We discuss the theoretical interpretation of observational data concerning the clustering of galaxies at high redshifts. Building on the theoretical machinery developed by Matarrese et al., we make detailed quantitative predictions of galaxy clustering statistics for a variety of cosmological models, taking into account differences in spatial geometry and initial fluctuation spectra and exploring the role of bias as a complicating factor in these calculations. We demonstrate that the usual description of evolution (in terms of the parameters epsilon and r_0) is not useful for realistic galaxy clustering models. We compare the detailed predictions of the variation of correlation functions with redshift against current observational data to constrain available models of structure formation. Theories that fit the present-day abundance of rich clusters are generally compatible with the observed redshift evolution of galaxy clustering if galaxies are no more than slightly biased at z~1. We also discuss the interpretation of a concentration of Lyman-break galaxies found by Steidel et al., coming to the conclusion that such concentrations are not unexpected in `standard' models of structure formation.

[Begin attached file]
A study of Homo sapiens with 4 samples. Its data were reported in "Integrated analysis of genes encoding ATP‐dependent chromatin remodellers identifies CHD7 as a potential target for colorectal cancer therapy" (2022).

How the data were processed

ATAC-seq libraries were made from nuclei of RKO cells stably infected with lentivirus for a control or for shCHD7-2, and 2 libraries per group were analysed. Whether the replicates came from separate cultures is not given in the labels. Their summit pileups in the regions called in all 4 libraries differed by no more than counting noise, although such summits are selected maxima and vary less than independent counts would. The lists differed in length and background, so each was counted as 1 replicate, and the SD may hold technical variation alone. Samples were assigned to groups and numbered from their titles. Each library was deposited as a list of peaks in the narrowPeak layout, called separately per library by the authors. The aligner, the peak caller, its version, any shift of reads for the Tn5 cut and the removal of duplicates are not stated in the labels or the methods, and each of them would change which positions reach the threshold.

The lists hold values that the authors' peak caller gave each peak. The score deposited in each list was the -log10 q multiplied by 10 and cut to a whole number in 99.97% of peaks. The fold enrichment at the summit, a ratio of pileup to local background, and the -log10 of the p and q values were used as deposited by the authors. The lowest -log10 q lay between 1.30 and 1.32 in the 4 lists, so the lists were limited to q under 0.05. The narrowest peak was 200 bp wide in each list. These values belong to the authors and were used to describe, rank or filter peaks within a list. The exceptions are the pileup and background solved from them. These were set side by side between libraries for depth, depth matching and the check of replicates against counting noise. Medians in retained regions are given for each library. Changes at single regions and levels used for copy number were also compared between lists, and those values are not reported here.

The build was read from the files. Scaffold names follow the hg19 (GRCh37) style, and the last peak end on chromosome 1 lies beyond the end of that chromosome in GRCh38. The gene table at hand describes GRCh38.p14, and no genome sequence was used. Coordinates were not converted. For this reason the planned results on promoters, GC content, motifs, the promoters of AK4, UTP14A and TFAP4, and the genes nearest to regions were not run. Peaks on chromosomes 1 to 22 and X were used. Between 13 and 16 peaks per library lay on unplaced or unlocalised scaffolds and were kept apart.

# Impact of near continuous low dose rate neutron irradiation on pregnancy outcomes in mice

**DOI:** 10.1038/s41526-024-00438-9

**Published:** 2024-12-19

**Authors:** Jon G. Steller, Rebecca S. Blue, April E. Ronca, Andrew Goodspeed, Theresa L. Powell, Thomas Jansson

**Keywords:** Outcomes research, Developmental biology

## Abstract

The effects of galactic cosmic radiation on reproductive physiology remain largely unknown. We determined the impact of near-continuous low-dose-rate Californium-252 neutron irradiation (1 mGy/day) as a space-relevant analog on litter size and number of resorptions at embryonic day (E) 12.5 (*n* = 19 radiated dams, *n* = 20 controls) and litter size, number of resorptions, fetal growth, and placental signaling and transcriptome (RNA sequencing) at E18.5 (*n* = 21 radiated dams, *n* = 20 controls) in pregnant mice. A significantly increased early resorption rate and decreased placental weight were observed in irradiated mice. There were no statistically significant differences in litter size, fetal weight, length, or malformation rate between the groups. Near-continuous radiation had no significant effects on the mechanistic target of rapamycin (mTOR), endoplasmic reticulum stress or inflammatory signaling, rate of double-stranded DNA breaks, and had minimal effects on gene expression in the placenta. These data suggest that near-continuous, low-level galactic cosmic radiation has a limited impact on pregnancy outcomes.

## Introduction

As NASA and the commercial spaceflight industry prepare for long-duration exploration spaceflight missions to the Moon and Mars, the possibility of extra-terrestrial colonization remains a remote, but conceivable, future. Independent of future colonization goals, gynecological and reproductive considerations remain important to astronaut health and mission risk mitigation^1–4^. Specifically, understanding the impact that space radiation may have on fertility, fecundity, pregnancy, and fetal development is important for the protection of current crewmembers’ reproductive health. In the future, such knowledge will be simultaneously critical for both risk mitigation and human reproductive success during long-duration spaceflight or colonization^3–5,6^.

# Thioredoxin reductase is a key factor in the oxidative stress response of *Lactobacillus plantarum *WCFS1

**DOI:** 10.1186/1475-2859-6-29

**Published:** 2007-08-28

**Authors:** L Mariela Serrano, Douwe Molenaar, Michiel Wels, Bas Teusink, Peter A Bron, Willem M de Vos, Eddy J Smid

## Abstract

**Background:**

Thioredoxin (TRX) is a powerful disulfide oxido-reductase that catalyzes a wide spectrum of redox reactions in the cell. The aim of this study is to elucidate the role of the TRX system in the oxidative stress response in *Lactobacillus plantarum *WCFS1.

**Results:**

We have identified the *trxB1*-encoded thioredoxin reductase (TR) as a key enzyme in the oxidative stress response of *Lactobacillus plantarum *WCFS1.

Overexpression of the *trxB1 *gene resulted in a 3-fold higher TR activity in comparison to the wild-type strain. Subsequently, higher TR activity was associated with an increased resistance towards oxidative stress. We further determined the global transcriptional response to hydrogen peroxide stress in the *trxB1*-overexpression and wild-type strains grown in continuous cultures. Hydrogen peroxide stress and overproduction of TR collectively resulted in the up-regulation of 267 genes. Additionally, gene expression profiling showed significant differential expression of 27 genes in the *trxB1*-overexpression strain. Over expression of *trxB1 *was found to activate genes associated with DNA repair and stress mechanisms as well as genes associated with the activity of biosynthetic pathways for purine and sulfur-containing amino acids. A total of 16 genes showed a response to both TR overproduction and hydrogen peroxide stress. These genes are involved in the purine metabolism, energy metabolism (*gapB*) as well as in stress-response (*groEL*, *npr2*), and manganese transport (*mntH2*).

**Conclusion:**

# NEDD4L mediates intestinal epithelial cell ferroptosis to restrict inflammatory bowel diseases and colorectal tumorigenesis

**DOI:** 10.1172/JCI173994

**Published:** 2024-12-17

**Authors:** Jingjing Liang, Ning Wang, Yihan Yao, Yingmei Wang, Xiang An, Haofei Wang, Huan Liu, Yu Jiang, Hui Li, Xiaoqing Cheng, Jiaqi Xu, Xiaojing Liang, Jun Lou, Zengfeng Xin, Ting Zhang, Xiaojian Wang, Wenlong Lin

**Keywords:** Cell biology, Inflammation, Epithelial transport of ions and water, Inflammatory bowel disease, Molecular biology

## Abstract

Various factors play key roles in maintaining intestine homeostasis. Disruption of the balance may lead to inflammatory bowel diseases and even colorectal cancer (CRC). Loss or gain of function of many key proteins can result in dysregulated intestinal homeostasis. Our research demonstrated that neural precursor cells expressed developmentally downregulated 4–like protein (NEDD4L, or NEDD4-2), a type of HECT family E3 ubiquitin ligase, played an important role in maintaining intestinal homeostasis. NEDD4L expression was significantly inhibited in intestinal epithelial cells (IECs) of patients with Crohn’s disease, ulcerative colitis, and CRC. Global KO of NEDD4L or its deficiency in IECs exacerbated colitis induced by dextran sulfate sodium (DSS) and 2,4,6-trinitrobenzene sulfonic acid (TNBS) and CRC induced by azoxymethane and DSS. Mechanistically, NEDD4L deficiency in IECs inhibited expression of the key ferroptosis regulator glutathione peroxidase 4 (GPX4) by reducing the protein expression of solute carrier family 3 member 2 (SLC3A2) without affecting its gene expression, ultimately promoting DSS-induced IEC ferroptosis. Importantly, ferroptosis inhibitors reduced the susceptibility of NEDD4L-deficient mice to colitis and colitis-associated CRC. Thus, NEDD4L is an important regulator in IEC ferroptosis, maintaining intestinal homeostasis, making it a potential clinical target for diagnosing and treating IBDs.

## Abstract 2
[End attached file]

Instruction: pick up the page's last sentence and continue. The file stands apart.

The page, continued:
Modelling Galaxy Clustering at High Redshift

MOSCARDINI, LAURO;LUCCHIN, FRANCESCO;MATARRESE, SABINO
1998

Abstract

We discuss the theoretical interpretation of observational data concerning the clustering of galaxies at high redshifts. Building on the theoretical machinery developed by Matarrese et al., we make detailed quantitative predictions of galaxy clustering statistics for a variety of cosmological models, taking into account differences in spatial geometry and initial fluctuation spectra and exploring the role of bias as a complicating factor in these calculations. We demonstrate that the usual description of evolution (in terms of the parameters epsilon and r_0) is not useful for realistic galaxy clustering models. We compare the detailed predictions of the variation of correlation functions with redshift against current observational data to constrain available models of structure formation. Theories that fit the present-day abundance of rich clusters are generally compatible with the observed redshift evolution of galaxy clustering if galaxies are no more than slightly biased at z~1. We also discuss the interpretation of a concentration of Lyman-break galaxies found by Steidel et al., coming to the conclusion that such concentrations are not unexpected in `standard' models of structure formation.